Help Me Grow | United Way of Utah County

Learning to “Pair” with Children with Autism

In 2018, I started working with children on the Autism Spectrum as a Registered Behavioral Technician. Communication is critically important for children during the fastest growth phase of their lives. Children with autism are often not able to communicate as effectively as children not “on the spectrum”.

At first, it was extremely difficult. I caught a glimpse of what it must be like for the parents of these precious little kids. Children with autism have problems with input/output. Some are completely nonverbal and act out physically as they attempt to communicate. However, as I built trust with these unique individuals they grew exponentially. The tool I learned, and now use daily, is called “pairing.”

Pairing is the process of building mutual trust. On a macro level, pairing is an unwritten social contract we conform to, where we extend and accept trust for interactions. This extension of trust is based on solid input/output communication. As adults, we do this every day when we interact with our communities. To varying degrees, children with autism are not able to communicate or interpret this input/output. What follows is the weird behaviors we experience working with kids on the spectrum. These behaviors happen because something short-circuits in the communication, and the results are sometimes catastrophic.

On a micro level, we also conform to unwritten rules of interpersonal contact and behaviors to build trust, aka, we communicate more intimately with people with whom we are close. This is harder for kids on the spectrum because personal interactions require more exact communication and interpretation of input/output. We “pair” with these kids first to build trust and establish rules for communicating with them. It is hard and takes time. When it happens, though, it’s like magic and most of the weird behaviors lessen and eventually disappear.

Pairing is something I do at the beginning of each session with my clients. Even if I have worked with them for a long time, trust must be reestablished before anything can be taught. I start by just being in the same room as the child. After a while, I start playing next to them, commenting on what they are doing without fully engaging. I then begin to play with them, continuing to comment on the good things they are doing. If they tell me no or move away from me, I start over. When I have successfully paired with them, showing them that they are important to me, they begin to trust me and their weird (what we call maladaptive) behaviors decrease over time. Imagine your significant other left for a weeklong business trip. When they return, it takes a bit to resync. For kids on the spectrum, it is like they have been in a foreign country for a week where no one spoke their language, and they had to accomplish tasks that required other people.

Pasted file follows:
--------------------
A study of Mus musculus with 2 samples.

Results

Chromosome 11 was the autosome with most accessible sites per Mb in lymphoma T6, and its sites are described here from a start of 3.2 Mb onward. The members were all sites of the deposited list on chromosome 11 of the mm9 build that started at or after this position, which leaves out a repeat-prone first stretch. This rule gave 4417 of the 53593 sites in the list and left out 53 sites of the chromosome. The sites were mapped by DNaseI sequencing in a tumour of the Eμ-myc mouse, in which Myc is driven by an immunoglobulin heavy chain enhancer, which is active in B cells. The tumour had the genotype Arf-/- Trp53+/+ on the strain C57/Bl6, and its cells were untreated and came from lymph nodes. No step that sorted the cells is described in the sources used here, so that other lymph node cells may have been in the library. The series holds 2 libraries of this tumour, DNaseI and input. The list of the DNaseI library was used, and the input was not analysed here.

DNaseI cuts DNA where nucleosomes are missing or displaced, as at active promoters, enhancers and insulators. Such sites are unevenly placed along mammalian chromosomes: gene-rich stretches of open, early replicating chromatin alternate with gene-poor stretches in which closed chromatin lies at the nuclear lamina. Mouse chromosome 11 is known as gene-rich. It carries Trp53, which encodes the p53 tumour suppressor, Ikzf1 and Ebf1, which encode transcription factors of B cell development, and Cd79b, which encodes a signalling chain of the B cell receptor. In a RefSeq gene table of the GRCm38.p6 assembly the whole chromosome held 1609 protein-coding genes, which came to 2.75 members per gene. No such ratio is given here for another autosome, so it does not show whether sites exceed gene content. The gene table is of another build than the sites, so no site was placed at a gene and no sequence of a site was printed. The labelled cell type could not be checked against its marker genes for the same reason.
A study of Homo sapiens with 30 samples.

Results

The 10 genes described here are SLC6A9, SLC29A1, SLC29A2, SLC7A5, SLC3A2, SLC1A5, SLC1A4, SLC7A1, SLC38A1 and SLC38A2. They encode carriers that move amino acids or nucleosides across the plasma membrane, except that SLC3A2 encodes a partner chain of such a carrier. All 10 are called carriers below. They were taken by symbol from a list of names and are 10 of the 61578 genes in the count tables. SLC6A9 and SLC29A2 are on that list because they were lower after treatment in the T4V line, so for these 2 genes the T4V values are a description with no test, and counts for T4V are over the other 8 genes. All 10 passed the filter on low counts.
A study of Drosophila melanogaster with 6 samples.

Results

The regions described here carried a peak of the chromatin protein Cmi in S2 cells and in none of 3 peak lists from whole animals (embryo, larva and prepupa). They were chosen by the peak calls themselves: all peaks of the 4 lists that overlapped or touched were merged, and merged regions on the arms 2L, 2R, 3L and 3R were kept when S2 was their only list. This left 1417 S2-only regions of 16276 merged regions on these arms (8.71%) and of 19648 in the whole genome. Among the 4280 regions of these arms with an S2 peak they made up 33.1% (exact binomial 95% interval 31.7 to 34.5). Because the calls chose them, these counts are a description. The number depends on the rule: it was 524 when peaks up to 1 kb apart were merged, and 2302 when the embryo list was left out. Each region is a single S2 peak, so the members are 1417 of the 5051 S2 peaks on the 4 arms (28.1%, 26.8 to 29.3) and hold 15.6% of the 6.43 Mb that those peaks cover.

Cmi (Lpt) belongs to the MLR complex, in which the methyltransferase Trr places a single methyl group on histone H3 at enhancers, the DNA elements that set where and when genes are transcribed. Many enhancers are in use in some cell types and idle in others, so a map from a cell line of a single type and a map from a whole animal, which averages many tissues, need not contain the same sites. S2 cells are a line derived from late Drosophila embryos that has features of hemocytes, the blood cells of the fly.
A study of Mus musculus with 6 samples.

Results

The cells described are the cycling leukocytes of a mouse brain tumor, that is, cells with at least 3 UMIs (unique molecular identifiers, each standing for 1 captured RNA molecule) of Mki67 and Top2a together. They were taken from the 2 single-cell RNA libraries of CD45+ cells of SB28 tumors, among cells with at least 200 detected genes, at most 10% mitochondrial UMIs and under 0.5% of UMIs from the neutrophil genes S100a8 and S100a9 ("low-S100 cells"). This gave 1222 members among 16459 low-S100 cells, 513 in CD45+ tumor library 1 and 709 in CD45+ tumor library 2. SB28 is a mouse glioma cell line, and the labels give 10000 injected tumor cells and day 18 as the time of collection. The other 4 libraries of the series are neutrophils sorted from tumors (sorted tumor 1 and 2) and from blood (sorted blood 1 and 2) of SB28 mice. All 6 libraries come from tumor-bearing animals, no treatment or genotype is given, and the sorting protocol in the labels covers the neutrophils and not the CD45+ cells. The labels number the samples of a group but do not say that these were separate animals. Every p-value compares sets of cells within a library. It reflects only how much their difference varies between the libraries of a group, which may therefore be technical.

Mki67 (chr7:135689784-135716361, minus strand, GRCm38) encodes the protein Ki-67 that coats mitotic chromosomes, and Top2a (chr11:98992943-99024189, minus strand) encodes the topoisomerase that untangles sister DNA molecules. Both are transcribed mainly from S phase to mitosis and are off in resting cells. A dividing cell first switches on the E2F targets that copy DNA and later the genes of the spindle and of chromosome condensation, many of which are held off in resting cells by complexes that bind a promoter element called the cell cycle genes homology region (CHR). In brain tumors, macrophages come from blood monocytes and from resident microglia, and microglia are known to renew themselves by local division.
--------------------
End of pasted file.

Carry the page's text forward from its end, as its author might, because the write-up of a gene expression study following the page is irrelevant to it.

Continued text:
Children with autism are referred to as being “on the spectrum.” This means their abilities to communicate are different, making it difficult to consistently pair. To adapt to this, we try to maintain relationships with a few clients. One of my cute clients is just now starting to say some words and does not play with toys. Pairing with them looks slightly different, but the idea is the same. At the beginning of every session, they run inside and jump on my trampoline. I tell them gently that they are awesome. Eventually, I ask if I can jump with them and they say, “jump with me.” I jump with them, tickle them, and repeat the noises they make with a tool called mirroring. They giggle and then start babbling to me. They turn toward me and focus on me. That is how I know we have successfully paired.

After being paired, I run goals with the kids. I help them learn new words as they repeat the sounds I make. I then associate the sounds with an object or an action. I teach them how to ask for what they want/need using words, sign language, and/or pictures. I also teach them social skills like saying hi and beginning to have simple conversations. None of this is possible without pairing first. Sometimes, something will trigger them and the pairing will break. When that happens, I start the pairing process over again. For some kids, this happens multiple times an hour. This can be incredibly draining. For parents, this can seem impossible some days. However, pairing works, and it is satisfying to gain their trust.

For parents who have children on the spectrum, hang in there. I know it is so hard some days and sometimes seems impossible to get through to them. If the only thing you can do with them some days is pair, that is enough. You are doing a good job, and you are not alone! When you use pairing to establish mutual trust, your kids feel hope. With this hope and mutual trust, much can be accomplished!

Here is some additional information about pairing.